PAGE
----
Whitehall accused of ‘suppressing’ Brexit food price report - Supply Management

Whitehall accused of ‘suppressing’ Brexit food price report

28 September 2017

The UK’s largest trade union has accused the government of suppressing a report on the impact of Brexit on food prices. 

Unite said the Department for Environment, Food and Rural Affairs (DEFRA) rejected its Freedom of Information (FoI) request to release the findings of a report on how much food prices will rise over the next five years. 

In DEFRA’s response to Unite, the government department, which is headed by veteran cabinet minister Michael Gove, said it was in the public interest to keep the information confidential while the UK prepares to negotiate its exit from the EU.

“There is a strong public interest in withholding the information, in this instance. At this early state of the policy process, where the UK is formulating its negotiating position with the EU, a public authority needs a safe space to formulate policy effectively and to ensure the information it is preparing is timely and accurate,” it said.

“We consider that premature disclosure of information could seriously mislead the public and is not in the public interest.”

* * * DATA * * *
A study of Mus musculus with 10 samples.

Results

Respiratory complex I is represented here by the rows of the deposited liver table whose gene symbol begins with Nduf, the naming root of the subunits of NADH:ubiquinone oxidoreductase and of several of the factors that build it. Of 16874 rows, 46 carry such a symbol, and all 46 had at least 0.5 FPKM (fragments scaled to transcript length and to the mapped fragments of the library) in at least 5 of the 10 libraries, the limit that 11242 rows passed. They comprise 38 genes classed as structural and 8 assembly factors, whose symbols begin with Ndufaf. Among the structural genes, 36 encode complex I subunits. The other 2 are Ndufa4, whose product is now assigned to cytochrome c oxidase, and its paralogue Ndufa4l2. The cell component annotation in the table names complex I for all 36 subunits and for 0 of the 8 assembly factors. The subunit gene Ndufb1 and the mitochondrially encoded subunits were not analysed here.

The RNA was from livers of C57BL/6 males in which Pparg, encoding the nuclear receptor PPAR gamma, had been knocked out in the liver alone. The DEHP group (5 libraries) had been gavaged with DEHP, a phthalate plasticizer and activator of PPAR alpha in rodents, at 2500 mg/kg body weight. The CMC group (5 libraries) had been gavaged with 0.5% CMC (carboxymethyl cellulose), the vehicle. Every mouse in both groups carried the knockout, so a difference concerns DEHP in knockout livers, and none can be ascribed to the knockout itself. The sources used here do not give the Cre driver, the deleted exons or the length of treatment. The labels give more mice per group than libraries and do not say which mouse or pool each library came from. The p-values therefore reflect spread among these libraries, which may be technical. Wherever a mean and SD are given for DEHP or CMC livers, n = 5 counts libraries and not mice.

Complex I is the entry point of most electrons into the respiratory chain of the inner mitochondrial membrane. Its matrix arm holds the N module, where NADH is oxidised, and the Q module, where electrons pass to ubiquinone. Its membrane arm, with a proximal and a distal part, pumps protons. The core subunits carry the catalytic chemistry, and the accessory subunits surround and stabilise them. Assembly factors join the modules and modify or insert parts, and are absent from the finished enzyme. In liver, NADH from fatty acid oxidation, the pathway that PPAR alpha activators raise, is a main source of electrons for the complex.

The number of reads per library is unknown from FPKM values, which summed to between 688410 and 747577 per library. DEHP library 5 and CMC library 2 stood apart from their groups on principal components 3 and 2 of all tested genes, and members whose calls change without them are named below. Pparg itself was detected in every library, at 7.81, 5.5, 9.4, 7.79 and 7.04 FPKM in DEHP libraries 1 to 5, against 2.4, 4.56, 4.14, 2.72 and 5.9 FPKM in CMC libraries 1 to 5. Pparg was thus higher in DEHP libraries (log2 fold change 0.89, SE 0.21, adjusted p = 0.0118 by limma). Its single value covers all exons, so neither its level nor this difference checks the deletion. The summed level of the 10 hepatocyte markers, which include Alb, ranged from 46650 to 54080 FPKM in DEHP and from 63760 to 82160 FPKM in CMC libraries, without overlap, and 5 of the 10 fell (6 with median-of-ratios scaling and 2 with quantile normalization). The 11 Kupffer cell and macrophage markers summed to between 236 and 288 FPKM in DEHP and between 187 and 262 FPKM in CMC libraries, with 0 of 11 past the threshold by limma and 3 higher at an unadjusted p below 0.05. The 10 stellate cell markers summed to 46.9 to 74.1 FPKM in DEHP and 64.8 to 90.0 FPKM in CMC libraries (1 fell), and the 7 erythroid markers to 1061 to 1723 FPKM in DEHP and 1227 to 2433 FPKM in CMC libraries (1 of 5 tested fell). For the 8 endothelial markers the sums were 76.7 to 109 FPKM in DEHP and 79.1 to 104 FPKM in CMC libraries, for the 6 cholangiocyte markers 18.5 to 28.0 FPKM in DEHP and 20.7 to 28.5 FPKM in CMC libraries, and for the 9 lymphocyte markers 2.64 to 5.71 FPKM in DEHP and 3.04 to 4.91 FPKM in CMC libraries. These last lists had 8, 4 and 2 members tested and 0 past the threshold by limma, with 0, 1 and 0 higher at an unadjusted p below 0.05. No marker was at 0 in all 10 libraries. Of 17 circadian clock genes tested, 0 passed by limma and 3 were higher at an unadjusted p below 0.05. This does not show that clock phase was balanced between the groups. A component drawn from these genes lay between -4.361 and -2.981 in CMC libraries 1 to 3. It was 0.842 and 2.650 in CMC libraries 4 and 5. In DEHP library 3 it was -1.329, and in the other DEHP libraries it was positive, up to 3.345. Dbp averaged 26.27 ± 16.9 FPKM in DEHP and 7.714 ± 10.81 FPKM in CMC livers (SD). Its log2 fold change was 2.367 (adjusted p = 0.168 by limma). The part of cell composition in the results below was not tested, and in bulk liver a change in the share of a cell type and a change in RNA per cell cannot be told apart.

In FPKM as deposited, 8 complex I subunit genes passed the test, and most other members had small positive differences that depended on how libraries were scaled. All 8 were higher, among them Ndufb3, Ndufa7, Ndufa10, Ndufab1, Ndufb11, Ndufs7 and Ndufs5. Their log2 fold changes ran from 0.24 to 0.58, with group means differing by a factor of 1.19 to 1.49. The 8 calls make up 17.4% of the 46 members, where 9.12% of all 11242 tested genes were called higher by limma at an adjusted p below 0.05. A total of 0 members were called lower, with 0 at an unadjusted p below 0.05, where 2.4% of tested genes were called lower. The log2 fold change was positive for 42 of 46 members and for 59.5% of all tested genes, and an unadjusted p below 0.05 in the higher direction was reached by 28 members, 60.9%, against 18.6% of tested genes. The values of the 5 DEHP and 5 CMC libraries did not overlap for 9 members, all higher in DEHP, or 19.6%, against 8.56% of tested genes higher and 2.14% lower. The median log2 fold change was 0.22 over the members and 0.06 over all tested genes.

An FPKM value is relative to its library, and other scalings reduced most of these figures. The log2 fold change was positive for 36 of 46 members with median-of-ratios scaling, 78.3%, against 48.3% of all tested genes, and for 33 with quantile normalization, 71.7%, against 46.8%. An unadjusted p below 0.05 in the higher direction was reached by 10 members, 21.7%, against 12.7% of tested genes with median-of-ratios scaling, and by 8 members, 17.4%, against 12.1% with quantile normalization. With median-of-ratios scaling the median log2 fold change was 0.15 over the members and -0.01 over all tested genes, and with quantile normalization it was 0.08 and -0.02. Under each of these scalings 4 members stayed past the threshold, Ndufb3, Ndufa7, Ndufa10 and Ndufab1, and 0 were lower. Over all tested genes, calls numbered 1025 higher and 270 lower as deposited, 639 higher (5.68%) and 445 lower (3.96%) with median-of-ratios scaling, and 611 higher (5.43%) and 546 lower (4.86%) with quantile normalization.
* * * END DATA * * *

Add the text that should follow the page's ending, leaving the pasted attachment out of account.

Unite has appealed the decision to withhold the information arguing that the public interest test of publishing the report outweighs the desire for the government’s “safe space” to develop policy. 

This week, the UK food industry warned that if the UK leaves the EU without a trade deal, it would have to introduce a new inspection regime, which would result in food imports being delayed and shortages. 

The National Farmers Union previously warned that as the UK only produces 60% of its own food and if imports became unavailable, the UK would run out of food by 6 August each year.

Julia Long, Unite’s national officer for Food, Drink and Agriculture, said the union would keep pushing for the report to be published and urged individuals and organisations with similar concerns to also apply pressure on the government. 

“If the government knows that Brexit is going to affect food prices, then they need to tell the general public and not pretend that there isn’t a problem,” she said.

“The type of Brexit that the UK chooses will clearly have major implications on the nation’s shopping basket and we need to know what those factors will be.”